We certainly think so and our research team, led by Leanne Ogden, our specialist nephrology Clinical Research Fellow, are working hard to do just that. At the recent NCRI Cancer Conference in Glasgow, Leanne presented our nephro-oncology research collaboration with the Manchester University NHS Foundation Trust’s renal medicine team. The aim of this research is to find ways to include patients with reduced kidney function in clinical trials by using intensive, home based, monitoring.

Recruitment to cancer clinical trials is an ongoing challenge and usually limited to patients with preserved kidney function, due to concerns over damaging the kidney function further with nephrotoxic anti-cancer treatments. This restriction that allows only those with an eGFR of >50ml/min is arbitrary and not a risk-based approach driven by current clinical science in nephrology.

Our research assessed whether new technological advances in point of care (POC) creatinine meters and digital science could be applied to enable personalised risk-based monitoring. We created an approach that explored the potential and acceptability of using a POC device, data capture via a smartphone, and risk-categorisation through an Acute Kidney Injury (AKI) algorithm, to enable decision-making and the first step in addressing this unmet clinical need.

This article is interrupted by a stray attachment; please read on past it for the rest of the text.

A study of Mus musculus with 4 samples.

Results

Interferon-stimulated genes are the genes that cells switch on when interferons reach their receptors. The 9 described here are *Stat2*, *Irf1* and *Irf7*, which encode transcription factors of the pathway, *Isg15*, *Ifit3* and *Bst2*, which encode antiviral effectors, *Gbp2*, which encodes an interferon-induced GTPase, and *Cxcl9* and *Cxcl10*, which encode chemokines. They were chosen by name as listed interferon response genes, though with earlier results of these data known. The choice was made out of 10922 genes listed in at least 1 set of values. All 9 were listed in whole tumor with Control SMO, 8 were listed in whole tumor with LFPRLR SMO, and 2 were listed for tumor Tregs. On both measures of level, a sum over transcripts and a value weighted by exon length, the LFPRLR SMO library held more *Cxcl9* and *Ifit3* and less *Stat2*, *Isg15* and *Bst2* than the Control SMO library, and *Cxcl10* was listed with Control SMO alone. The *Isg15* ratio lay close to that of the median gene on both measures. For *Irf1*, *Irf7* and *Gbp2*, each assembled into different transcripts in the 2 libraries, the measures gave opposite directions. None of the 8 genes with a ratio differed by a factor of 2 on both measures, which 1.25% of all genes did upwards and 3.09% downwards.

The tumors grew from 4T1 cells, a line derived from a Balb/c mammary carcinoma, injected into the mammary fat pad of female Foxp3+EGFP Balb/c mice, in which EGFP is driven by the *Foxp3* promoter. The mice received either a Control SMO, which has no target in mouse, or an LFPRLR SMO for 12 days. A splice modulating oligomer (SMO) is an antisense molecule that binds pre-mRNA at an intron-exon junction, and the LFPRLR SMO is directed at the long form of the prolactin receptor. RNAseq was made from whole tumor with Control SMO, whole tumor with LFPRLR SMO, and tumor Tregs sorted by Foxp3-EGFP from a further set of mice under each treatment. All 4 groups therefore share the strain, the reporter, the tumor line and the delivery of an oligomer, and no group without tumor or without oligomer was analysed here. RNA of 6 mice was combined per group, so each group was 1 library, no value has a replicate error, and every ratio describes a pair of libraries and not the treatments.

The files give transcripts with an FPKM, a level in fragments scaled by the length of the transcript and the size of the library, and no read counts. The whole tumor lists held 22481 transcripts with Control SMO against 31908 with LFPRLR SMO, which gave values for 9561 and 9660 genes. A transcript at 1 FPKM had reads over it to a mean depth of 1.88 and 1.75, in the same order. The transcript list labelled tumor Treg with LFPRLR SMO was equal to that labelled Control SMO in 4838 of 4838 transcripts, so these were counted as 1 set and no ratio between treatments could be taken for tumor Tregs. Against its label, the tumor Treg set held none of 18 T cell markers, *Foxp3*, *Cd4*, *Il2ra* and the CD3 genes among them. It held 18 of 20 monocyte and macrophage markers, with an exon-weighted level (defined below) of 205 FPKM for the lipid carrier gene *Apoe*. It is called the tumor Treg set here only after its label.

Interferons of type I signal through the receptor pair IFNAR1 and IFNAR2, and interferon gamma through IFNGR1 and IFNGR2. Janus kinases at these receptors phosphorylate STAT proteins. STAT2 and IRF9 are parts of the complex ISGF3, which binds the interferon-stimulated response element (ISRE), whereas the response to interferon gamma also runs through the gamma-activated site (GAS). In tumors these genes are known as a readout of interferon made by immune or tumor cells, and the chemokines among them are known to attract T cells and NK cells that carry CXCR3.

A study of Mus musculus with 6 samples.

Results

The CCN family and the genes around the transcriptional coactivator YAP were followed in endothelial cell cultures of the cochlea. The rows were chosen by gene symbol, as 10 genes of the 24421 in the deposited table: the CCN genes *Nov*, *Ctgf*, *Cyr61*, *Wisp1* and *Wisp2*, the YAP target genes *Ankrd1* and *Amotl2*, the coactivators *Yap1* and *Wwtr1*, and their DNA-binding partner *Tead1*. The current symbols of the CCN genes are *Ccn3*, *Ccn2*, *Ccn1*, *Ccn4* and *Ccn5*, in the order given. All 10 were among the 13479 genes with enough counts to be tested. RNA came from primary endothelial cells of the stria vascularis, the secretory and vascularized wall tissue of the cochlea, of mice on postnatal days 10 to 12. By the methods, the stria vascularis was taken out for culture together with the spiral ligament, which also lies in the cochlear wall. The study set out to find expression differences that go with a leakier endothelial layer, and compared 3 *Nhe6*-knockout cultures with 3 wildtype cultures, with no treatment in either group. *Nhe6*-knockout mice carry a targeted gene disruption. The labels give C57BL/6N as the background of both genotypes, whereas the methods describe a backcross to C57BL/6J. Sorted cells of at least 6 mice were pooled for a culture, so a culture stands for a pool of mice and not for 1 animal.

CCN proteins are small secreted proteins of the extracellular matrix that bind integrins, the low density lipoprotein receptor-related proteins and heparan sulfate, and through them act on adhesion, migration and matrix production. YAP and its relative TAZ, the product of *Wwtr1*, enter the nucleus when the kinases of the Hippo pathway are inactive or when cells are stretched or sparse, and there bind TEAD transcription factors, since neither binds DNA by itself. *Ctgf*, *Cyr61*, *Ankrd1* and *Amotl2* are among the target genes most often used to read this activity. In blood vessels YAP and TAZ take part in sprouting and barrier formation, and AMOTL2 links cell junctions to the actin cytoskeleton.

“This project has the potential to begin the process of challenging and changing the current culture of exclusion within clinical trials to be inclusive of people with all levels of kidney function. I would like to see populations within clinical trials become truly reflective of the ‘real world’ including patients with all levels of kidney function. If patients with reduced kidney function are at higher risk of developing cancer then they should have the same treatment options as patients with normal kidney function” says Leanne Ogden, Clinical Research Fellow.

Listen here to find out more ‘About Us’ and hear why a transformation in clinical trials is needed.